Welcome to the Inspection Museum!

Below are images of just a few of the many artifacts and documents at InterNACHI's Inspection Museum.  Scroll down for a sneak peek.

This Eveready® flashlight was patented between 1894 and 1899, making it one of the very first battery-powered portable flashlights.

Russell Buchanan's first home inspection report -- precursor to HomeGauge's reporting software.

First modern clothes washing machine from 1920. Learn how to inspect appliances.

Assortment of vintage flashlights and drivers. Get a new flashlight at Inspector Outlet.

Inspector's Quarterly 2008 article correctly predicting that InterNACHI would build the House of Horrors® inspection training facility.

Photo of a home inspection being performed in the 1940s.

This is one of the very first building inspection books published in 1914 by the City of Pittsburgh. Become a commercial property inspector.

NAHI cap. NAHI was taken over by InterNACHI in 2018.

Boiler inspection report from 1903. Learn how to inspect boilers.

Assortment of vintage flashlights. Get a new flashlight at Inspector Outlet.

First American kitchen made in 1926.

First inspection class, held in Baltimore in 1958. Nowadays, inspectors have access to accredited college courses in home inspection.

First home inspection training manual. Published by the International Conference of Building Officials (ICBO) in 1956. ICBO merged into the ICC in 2003. In 2015, InterNACHI became the largest provider of ICC-approved courses.

InterNACHI's founder Nick Gromicko authors radon analysis algorithm in the 1980s. It is still in use today. Take InterNACHI's accredited radon measurement course.

Matchbox® toy home inspection vehicle from 1980s.

"DON'T SPIT ON SIDEWALK" brick, part of health campaign that aimed to curb the spread of the tuberculosis epidemic.

One of the first flashlight battery display cases.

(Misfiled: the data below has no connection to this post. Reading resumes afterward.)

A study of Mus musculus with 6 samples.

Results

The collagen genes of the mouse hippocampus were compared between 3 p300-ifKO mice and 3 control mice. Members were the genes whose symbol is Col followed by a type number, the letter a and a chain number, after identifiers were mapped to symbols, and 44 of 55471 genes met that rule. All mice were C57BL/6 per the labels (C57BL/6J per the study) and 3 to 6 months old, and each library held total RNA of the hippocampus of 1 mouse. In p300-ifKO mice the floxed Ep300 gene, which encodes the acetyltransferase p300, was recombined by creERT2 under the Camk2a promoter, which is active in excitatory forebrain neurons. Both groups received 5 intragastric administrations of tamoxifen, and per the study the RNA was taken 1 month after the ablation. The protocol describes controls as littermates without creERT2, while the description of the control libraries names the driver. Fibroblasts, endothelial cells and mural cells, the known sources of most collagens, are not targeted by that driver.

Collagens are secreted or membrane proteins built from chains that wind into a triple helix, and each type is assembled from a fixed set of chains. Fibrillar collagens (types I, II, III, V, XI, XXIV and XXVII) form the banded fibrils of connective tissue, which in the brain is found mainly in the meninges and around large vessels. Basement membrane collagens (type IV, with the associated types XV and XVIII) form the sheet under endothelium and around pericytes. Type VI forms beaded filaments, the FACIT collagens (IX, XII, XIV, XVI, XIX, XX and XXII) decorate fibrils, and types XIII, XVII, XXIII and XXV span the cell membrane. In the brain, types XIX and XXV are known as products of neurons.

Antique fire extinguisher. Take InterNACHI's Inspecting Portable Fire Extinguishers course.

Chambers® stove from the 1940s is in the kitchen of the House of Horrors I training facility.  It is the first stove to have child-safety features including thumb latches that you had to hold to operate the gas valves and that could be simply removed to prevent operation altogether.  Chambers® stove document pack sold here.

 Vintage binoculars.

Brass plaque from the 1800s.

Advertisement for first washing machine on display at the Inspection Museum. Visit InterNACHI's Member Marketing Department for help with marketing.

"How to Judge a House" inspection book, published in 1931. Visit Inspector Outlet for modern inspection books.

First radon ePerm® electret recharger. Invented by InterNACHI's founder Nick Gromicko. Take InterNACHI's accredited radon measurement course.

Steamboat inspection book published in 1915.

Published in 1953 by the National Fire Protection Association (NFPA), this book covers the National Fire Code and the National Electric Code (NEC) in effect then.

"Electricity Simplified" book published in 1911. InterNACHI's "How to Perform Electrical Inspections" book.

War Service Library sticker inside "Electricity Simplified" book made available to WWI soldiers.  

Inspector badge.

Original magazine ad for insurance with details on home inspections and safety. Join IAC2.

Plumbing Code book published in 1925 by the Baltimore County Metropolitan District. Residential Plumbing Overview for Inspectors course.

One of the first thermal imaging cameras used for a home inspection. It cost $40,000 in 1972 (about a quarter million dollars in today's money). Nick Gromicko wins 7-year legal battle that results in home inspectors being able to use infrared cameras.

Inspector badge.

One of the first battery-powered lanterns.

"House of Horrors," original oil painting by Ben Gromicko, displayed at the Inspection Museum in Boulder, Colorado.

One of the first smoke detectors.

One of the first gas detectors. Visit Inspector Outlet for a new gas detector.

"Audels Carpenters and Builders Guide #3" by Frank D. Graham and Thomas J. Emery, originally published in 1923.  This edition was published in 1946.

This is a rear-projection slide projector, which made looking at slides like watching TV.

Kodak's instant camera, the COLORBURST 50, resulted in a 15 years-long lawsuit with Polaroid that resulted in Eastman Kodak paying them $925 million.

An early version of the now ubiquitous rotating vane anemometer with digital display.